What is NPAR (Network Partitioning)?

Last week I mentioned NPAR as a feature in most Broadcom like the ones found in the PowerEdge MX740c blade server.  I realized although NPAR is nearly a decade old, it may not be well-known by readers, so I thought I’d take a few minutes to break it down for you.

With the increased amount of virtualization in the data center, combined with an increase in data and cloud computing, the network’s efficiency is becoming compromised driving many organizations to embrace a 10GbE or 25GbE network.  While moving to a more robust environment may be ideal for an organization, it also brings challenges like ensuring that the appropriate bandwidth for all resources is available in both the physical and virtual environments.  This is where NPAR comes in.  Network Partitioning allows for administrators to split up the 10GbE pipes on the card into 4 separate partitions or physical functions and allocate bandwidth and resources as needed.  (NOTE: 25GbE ports are split into 8 separate partitions.)  Each of the partitions is an actual PCI Express function that appears in the blade server’s system ROM, O/S or virtual O/S as a separate physical NIC.

Each partition can support networking features such as:

  • TCP checksum offload
  • Large send offload
  • Transparent Packet Aggregation (TPA)
  • Multiqueue receive-side scaling
  • VM queue (VMQ) feature of the Microsoft® Hyper-V™ hypervisor
  • Internet SCSI (iSCSI) HBA
  • Fibre Channel over Ethernet (FCoE) HBA.

Administrators can enable/disable any of the features per partition and they configure a partition to run iSCSI, FCoE, and TCP/ IP Offload Engine (TOE) simultaneously.

Each of the partitions per port (8 per NDC) can be set up with a specific size and a specific weight.  In the example shown on the above, you see that Physical Port 1 has 4 partitions:

  • Partition 1 (red) = 2Gbps, running as an iSCSI HBA on Microsoft Windows Server 2008 R2
  • Partition 2 (orange) = 2Gbps, running as an FCoE HBA on Microsoft Windows Server 2008 R2
  • Partition 3 (green) = 1Gbps, running TOE on on Microsoft Windows Server 2008 R2
  • Partition 4 (blue) = 5Gbps, running as a Layer 2 NIC on Microsoft Windows Server 2008 R2

Each partition’s “Maximum Bandwidth” can be set to any increment of 100Mbps (or .1Gbps) up to 10000 Mbps or 10 Gbps.  Also, note, this is for send/transmit only.  The receive direction bandwidth is always 10 Gbps.

Furthermore, admins can configure the weighting of each partition to provide increased bandwidth presence when an application requires it.  In the example above, Physical Port 2 has the “Relative Bandwidth Weight” on all 4 partitions set for an equal weight at 25% – giving each port equal weight.  If, however VMkernel NIC 1 (red) needed to have more weight, or priority, over the other NICs, we could set the weight to 100% giving that port top priority.

If you are feeling really adventurous, you can oversubscribe a port.  This is accomplished by setting the 4 partitions of that single port to having a Maximum Bandwidth setting of more than 100%.  This allows each of the partitions to take as much bandwidth as allowed as their individual traffic flow needs change – based on the Relative Bandwidth Weight assigned.  Take a look at the following example screen shot from an older Dell blade server:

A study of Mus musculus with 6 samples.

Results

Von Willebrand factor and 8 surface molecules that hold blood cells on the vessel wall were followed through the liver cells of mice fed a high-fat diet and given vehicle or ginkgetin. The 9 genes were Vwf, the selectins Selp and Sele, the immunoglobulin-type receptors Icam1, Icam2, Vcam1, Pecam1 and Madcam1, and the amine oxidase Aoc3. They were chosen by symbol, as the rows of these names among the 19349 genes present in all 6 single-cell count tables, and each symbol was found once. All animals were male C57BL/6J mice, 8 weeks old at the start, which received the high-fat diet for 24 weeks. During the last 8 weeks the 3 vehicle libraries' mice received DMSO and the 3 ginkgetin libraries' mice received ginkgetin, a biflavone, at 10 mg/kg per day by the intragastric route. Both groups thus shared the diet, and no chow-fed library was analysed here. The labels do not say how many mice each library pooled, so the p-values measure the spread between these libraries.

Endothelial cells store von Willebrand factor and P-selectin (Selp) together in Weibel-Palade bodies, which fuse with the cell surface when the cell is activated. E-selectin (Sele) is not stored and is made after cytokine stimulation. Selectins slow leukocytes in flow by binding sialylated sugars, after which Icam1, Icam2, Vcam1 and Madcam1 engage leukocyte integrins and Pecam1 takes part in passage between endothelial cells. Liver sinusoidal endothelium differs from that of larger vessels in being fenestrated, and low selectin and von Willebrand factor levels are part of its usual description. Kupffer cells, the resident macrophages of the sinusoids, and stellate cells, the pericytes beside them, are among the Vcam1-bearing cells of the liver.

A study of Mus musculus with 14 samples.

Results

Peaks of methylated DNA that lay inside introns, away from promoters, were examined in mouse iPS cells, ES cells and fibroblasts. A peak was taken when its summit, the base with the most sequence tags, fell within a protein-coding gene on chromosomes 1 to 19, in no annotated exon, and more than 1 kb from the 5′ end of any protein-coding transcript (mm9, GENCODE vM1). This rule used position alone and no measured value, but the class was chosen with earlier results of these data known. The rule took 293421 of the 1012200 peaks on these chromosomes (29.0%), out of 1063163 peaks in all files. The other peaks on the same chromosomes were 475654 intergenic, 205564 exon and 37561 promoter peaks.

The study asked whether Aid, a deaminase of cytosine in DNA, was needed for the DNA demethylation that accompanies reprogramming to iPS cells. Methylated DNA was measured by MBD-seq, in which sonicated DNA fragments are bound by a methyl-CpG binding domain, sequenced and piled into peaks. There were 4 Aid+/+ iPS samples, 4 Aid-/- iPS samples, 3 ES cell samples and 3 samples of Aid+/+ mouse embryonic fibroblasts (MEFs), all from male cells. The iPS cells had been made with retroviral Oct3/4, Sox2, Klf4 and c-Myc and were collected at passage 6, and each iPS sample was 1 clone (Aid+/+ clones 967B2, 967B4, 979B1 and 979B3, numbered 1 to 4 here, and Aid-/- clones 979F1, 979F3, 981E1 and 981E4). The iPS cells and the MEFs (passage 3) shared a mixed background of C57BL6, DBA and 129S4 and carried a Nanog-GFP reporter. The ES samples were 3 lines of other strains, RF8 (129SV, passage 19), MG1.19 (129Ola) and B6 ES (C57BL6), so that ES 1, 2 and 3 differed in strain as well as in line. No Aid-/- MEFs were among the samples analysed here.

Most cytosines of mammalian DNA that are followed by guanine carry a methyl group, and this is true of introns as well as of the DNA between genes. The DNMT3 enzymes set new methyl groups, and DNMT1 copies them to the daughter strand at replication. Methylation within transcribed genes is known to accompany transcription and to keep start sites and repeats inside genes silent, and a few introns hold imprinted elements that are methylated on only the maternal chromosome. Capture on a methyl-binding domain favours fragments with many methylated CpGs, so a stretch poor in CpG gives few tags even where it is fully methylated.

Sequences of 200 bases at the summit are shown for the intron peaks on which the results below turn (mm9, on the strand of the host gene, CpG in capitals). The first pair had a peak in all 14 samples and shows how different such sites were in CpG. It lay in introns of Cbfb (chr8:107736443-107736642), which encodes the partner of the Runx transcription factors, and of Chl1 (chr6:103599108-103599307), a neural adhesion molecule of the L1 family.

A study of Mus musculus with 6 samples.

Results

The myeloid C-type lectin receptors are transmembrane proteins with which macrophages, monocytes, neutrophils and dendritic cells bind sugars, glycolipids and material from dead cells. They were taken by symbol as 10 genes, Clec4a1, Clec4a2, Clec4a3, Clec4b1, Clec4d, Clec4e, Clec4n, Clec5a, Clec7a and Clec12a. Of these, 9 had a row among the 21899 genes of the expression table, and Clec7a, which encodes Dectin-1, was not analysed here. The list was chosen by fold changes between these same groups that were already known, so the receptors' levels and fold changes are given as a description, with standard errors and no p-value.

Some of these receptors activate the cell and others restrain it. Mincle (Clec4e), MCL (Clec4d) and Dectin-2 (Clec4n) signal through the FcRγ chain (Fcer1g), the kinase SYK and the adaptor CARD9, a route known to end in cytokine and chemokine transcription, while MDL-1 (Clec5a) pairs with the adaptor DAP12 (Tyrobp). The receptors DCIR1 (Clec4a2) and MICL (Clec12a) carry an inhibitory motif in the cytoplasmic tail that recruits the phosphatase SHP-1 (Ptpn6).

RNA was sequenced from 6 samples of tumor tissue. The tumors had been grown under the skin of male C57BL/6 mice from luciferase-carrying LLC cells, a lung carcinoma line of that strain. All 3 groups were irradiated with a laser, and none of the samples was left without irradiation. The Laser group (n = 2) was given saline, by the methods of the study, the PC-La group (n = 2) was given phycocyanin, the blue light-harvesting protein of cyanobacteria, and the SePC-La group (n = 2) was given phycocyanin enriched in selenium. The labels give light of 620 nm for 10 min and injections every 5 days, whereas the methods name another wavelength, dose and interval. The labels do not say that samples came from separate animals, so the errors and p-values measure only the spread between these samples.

NPAR Example

The example above shows each of the four partitions’ Maximum Bandwidth (shown in .1 increments so 10 = 1 Gbps)

  • Partition 1 = 1 Gbps
  • Partition 2 = 1 Gbps
  • Partition 3 = 8 Gbps
  • Partition 4 = 8 Gpbs

Total for all 4 partitions = 18 Gbps, which means the port is 80% (8 Gbps) oversubscribed.

Some additional rules to note from the NPAR User’s Manual:

  • For Microsoft Windows Server, you can have the Ethernet Protocol enabled on all, some, or none of the four partitions on an individual port.
  • For Linux OSs, the Ethernet protocol will always be enabled (even if disabled in Dell Unified Server Configuration screen).
  • A maximum of two iSCSI Offload Protocols (HBA) can be enabled over any of the four available partitions of a single port (on 10GbE cards.) For simplicity, it is recommended to always using the first two partitions of a port for any offload protocols.
  • For Microsoft Windows Server , the Ethernet protocol does not have to be enabled for the iSCSI offload protocol to be enabled and used on a specific partition.

For more information on the Network Partitioning capabilities of the Dell Network Daughter Card, check out the white paper at: Dell Broadcom NPAR White Paper

Kevin Houston - Founder, BladesMadeSimple.comKevin Houston is the founder and Editor-in-Chief of BladesMadeSimple.com.  He has over 20 years of experience in the x86 server marketplace.  Since 1997 Kevin has worked at several resellers in the Atlanta area, and has a vast array of competitive x86 server knowledge and certifications as well as an in-depth understanding of VMware and Citrix virtualization.  Kevin has worked at Dell EMC since August 2011 is a Principal Engineer and Chief Technical Server Architect supporting the Central Enterprise Region at Dell EMC. He is also a CTO Ambassador in the Office of the CTO at Dell Technologies.